In 2002, the Medieval Institute inaugurated a lecture series in honor of Robert M. Conway, a 1966 graduate of Notre Dame, trustee of the University, and long-time friend and supporter of the Medieval Institute. The annual Conway Lectures bring senior scholars of international distinction to Notre Dame each fall to speak on topics across a variety of disciplines; the three-lectures series offers an opportunity for exploration of these topics over the course of several days rather than in a single lecture. The lectures are then published by the University of Notre Dame Press.
The Medieval Institute was pleased to welcome as this year’s Conway Lecturer Niklaus Largier, Professor of German and Comparative Literature at the University of California Berkeley. He has published on medieval mysticism, the history of ascetic practices, prayer, and ascetic experience. His books include an edition of the works of Meister Eckhart (Deutscher Klassiker Verlag, 1993) and In Praise of the Whip: A Cultural History of Arousal (Zone Books, 2007). In his 2018 Conway Lectures, collectively entitled “The Rhetoric of Mysticism," he explored how Christian mystics engaged with rhetorical methods, theological concepts, and prayer practices through their writings.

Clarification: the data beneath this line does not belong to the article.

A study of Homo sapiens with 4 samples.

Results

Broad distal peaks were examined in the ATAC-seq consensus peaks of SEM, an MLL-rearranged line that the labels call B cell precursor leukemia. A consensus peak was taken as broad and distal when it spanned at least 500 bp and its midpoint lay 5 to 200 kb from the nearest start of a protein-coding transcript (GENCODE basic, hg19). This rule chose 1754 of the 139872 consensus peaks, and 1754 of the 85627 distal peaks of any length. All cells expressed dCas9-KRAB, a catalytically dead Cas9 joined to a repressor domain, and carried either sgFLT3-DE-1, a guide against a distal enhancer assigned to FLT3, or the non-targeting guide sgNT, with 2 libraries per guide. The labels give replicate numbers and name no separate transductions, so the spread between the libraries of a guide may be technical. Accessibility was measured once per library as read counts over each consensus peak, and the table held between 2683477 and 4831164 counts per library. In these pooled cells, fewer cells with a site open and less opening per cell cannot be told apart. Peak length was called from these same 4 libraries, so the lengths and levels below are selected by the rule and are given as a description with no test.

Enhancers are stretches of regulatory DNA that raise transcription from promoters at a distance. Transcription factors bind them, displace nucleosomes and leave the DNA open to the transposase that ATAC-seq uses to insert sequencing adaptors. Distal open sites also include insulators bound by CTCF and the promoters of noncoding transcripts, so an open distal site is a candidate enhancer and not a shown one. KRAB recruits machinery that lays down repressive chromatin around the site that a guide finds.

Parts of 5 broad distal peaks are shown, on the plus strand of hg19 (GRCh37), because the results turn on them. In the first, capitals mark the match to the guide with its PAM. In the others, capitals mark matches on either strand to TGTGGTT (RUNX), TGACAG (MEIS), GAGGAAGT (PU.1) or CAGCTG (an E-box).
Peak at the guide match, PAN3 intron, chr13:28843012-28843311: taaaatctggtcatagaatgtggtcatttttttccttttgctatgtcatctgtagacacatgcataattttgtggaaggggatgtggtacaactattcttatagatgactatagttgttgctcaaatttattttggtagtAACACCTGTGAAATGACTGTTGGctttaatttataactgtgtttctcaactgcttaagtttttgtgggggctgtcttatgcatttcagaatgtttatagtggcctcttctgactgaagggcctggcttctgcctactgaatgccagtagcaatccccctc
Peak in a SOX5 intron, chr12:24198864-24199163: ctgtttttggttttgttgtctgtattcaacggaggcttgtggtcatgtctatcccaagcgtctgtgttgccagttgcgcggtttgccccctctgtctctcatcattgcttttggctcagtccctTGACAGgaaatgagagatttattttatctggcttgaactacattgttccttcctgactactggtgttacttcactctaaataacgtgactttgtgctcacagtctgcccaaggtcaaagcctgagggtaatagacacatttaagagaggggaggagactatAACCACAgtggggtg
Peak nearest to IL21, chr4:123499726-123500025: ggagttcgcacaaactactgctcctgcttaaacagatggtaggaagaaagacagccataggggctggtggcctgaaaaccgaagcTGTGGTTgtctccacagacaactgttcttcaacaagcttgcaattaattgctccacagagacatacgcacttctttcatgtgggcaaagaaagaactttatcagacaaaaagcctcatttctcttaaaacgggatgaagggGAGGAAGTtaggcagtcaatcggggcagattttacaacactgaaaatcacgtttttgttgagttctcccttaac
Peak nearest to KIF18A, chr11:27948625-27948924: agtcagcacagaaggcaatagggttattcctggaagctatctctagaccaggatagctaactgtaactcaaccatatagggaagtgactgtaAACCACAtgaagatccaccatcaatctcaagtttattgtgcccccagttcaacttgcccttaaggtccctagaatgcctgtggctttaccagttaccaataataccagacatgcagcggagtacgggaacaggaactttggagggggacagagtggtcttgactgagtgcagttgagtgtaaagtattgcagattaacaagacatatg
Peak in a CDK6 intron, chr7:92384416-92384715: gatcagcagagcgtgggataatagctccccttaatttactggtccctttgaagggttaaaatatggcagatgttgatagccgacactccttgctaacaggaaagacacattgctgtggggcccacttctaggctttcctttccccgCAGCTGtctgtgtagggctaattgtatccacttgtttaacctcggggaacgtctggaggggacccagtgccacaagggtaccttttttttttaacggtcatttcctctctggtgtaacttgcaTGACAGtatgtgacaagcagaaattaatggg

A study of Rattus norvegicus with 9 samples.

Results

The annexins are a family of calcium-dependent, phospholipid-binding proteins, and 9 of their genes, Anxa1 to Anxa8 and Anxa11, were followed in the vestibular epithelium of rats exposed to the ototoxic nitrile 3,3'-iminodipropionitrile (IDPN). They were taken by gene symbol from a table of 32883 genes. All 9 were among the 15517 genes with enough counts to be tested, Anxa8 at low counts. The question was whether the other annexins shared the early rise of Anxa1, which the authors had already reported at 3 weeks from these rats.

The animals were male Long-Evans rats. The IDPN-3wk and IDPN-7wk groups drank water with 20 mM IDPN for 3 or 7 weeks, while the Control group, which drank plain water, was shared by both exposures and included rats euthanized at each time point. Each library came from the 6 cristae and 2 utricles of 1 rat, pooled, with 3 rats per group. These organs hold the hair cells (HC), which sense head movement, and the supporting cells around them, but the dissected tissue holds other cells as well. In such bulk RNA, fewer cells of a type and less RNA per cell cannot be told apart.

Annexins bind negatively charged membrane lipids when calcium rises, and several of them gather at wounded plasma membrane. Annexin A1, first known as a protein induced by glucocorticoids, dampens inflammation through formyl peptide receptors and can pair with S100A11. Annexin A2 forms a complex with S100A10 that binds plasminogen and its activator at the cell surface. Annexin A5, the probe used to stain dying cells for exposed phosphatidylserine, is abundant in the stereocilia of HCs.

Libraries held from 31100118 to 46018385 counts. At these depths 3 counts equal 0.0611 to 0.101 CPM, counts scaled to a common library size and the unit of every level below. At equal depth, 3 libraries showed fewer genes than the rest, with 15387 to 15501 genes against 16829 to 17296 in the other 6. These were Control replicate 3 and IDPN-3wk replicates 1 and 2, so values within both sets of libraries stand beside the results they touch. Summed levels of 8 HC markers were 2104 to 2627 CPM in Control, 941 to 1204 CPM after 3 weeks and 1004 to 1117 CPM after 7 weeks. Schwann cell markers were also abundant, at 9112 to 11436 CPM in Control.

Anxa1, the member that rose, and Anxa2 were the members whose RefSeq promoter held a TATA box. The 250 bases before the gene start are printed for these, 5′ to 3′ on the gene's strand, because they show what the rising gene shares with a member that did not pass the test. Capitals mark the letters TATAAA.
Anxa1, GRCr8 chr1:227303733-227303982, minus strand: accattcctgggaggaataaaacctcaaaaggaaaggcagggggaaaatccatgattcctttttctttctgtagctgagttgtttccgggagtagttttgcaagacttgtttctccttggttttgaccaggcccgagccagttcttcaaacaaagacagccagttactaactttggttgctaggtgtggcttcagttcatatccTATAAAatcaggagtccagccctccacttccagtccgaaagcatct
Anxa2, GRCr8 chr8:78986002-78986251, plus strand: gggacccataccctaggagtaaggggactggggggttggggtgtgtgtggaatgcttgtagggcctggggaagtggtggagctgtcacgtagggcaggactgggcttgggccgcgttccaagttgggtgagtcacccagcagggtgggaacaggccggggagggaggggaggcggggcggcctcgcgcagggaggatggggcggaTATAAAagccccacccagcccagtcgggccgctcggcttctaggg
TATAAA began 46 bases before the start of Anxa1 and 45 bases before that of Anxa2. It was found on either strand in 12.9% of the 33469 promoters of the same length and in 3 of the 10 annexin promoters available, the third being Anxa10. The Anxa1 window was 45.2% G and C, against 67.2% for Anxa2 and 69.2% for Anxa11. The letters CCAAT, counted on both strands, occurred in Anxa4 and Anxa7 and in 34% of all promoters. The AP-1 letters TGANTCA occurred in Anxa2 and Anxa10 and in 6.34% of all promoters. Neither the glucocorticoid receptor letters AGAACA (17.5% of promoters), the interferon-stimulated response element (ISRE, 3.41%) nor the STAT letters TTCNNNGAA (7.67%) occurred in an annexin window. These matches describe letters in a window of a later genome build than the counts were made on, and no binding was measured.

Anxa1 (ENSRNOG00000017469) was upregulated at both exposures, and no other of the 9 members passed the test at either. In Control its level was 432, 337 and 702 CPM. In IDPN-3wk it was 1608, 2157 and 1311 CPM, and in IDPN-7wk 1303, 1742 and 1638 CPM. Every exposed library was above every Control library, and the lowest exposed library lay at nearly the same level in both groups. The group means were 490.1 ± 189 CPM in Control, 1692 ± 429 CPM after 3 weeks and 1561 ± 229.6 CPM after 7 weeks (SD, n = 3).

On Tuesday, October 2, Largier presented his first lecture, “The Poetics of Prayer.” Here Largier introduced the audience to the medieval German mystic Mechthild of Magdeburg and her work The Flowing Light of the Godhead. Largier explored how Mechthild crafted her mystical work as a form of “pure prayer.” The work’s descriptive language and affective imagery, he argues, continually pull the reader to a state of prayer focused on the emotions and sensory images it invokes.
Largier continued his exploration of mystical texts on Thursday, October 4, with his second lecture, “Mechthild of Magdeburg’s Mystical Voice.” Largier returned to The Flowing Light of the Godhead in order to examine Mechthild’s self-portrayal therein. This talk proved a testament to Largier’s insightfulness as he skillfully demonstrated the theological exercise embedded in Mechthild’s dialogue with God. As Mechthild talked with God in her writing she explored what it meant to talk to God and to claim simultaneously that the Holy Spirit guided her words.
Largier concluded the lecture series on Tuesday, October 9, with his talk, “Henry Suso—Between Speculation and Affect.” This final lecture left behind Mechthild of Magdeburg in order to explore other examples of her rhetorical style in medieval writings, focusing particularly on the writings of the Dominican friar Henry Suso. According to Largier, Suso attempted to reform the prayer habits of the Latin church. Suso used affective language similar to Mechthild’s to guide his reader towards prayer which praised God and away from petitionary prayer. Suso’s similarities to Mechthild allowed Largier to end his lecture series by tying the subject of his first two lectures into a broad literary movement of the Middle Ages.
The Institute thanks Professor Largier for offering this skillful examination of mystical writings to our community, and we look forward to seeing his lectures in print as a monograph in the Conway Lectures Series from the University of Notre Dame Press.
Read more about this lecture series and the associated publications.